Pneumatic Actuators vs Hydraulic. Let it Give a Little.

As I’ve mentioned previously, and as you likely thought of when you were 10 years old (I didnt, but I wasnt the smartest calf in the heard), most mechanical means of movement arent forgiving. Hydraulics, motors, whatever other actuators you use, if anything is in their path between their current position and their programmed destination, it will attempt to keep on pushing through, and if they are strong enough, will not give to a reasonable degree. In most industrial or commercial cases, this is fine. We dont want hydraulic rams on excavators giving when it hits a patch of hard packed ground. You want that beast to bust on through without a grunt. However when you want a gripper on your Mech to pick up an apple without making apple sauce, some more finesse is necessary. Sometimes you need only a little finesse. Sometimes you need a lot. Like with baby chicks. Dont hurt the baby chicks with your heartless cold robot-hands.

Anyway, air is squishy and compresses nicely for a situation like this. So a pneumatic ram, when pressed against an obstacle, will need to increase pressure to compensate for the compression of the air inside. Of course this also happens with hydraulics, but it compresses so little you have less room to work with. Of course you can have pressure sensors on the tips of hydraulics too to sense the give or pressure between your Mech’s robot fingers and the object of its pressure, but lets keep it simple and not risk the abrupt demise of your grips focus. Using air will give you a nice buffer to sense the increase in pressure in your air reservoir, and stop/adjust/keep-pressing/whatever.  The smaller your air reservoir, the less tolerance though, so this would be adjustable by your setup.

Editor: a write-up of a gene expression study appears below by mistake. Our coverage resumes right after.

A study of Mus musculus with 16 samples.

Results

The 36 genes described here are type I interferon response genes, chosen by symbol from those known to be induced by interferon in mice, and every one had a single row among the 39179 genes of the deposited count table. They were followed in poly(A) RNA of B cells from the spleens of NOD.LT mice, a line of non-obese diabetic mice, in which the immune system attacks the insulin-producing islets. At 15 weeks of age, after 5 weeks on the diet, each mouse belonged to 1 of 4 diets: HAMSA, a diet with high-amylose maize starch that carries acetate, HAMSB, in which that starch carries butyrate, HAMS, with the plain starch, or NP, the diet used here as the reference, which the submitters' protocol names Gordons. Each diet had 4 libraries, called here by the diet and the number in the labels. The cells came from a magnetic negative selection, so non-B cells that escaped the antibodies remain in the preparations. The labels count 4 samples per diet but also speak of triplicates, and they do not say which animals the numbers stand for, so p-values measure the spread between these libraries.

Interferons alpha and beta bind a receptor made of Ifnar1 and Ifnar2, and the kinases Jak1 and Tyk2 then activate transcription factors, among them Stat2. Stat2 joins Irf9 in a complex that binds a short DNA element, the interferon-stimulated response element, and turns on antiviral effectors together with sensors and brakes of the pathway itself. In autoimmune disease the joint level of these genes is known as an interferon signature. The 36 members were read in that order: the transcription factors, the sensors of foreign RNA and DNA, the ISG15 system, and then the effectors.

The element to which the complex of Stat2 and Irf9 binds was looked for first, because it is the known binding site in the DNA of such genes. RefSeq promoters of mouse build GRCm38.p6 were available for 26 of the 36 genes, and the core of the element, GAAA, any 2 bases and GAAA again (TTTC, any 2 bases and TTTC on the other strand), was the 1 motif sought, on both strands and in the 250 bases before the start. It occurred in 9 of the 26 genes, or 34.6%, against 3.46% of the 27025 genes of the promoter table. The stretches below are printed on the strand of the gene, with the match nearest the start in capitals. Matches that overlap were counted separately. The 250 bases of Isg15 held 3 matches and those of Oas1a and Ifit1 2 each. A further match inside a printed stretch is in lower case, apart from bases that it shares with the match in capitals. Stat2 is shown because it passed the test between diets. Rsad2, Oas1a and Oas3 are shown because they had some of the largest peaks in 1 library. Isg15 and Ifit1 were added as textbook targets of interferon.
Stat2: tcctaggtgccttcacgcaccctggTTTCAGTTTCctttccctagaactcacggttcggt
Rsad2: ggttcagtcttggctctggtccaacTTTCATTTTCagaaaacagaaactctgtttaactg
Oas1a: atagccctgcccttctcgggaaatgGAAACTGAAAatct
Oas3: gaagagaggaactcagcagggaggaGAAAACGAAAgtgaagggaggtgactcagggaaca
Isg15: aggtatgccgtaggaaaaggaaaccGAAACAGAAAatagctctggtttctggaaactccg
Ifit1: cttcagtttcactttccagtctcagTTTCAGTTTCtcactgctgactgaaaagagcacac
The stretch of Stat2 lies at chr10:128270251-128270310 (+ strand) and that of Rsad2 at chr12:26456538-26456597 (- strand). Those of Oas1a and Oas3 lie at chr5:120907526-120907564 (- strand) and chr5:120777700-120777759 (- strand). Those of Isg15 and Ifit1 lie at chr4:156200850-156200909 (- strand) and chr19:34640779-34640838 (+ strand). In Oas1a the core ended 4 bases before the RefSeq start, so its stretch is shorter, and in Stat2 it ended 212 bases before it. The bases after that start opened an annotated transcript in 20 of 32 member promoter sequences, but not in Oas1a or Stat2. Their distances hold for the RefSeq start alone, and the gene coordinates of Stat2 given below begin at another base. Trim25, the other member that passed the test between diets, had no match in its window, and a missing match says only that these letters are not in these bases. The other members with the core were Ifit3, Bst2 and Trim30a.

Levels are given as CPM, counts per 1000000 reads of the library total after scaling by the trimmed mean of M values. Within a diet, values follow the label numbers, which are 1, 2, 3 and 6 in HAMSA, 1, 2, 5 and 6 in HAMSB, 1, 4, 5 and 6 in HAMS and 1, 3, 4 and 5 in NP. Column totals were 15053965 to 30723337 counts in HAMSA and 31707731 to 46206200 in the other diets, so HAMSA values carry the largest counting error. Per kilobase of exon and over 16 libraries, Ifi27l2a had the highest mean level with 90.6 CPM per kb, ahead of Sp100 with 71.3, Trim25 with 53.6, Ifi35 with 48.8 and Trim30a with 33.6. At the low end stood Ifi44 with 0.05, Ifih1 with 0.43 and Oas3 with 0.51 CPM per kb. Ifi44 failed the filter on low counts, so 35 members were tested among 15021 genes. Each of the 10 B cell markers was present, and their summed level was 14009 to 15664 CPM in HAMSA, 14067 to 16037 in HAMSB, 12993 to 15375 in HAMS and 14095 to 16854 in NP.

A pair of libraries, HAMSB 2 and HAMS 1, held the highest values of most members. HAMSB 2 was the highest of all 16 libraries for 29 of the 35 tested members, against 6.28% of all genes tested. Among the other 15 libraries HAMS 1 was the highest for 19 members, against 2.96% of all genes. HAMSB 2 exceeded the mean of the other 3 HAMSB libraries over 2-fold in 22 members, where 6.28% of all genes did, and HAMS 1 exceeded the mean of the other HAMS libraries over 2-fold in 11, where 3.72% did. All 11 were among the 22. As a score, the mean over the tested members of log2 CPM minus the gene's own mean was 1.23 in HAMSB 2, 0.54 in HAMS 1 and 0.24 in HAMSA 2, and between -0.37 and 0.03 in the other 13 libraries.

You could even have a hybrid approach, where an air bladder of some sort is within a hydraulic system to give a little of airs natural give, but then the brute force of hydraulics immediately behind

 

Here is a great video demonstrating the give of air in a pneumatic cylinder (And the article in which I found it, from Make!)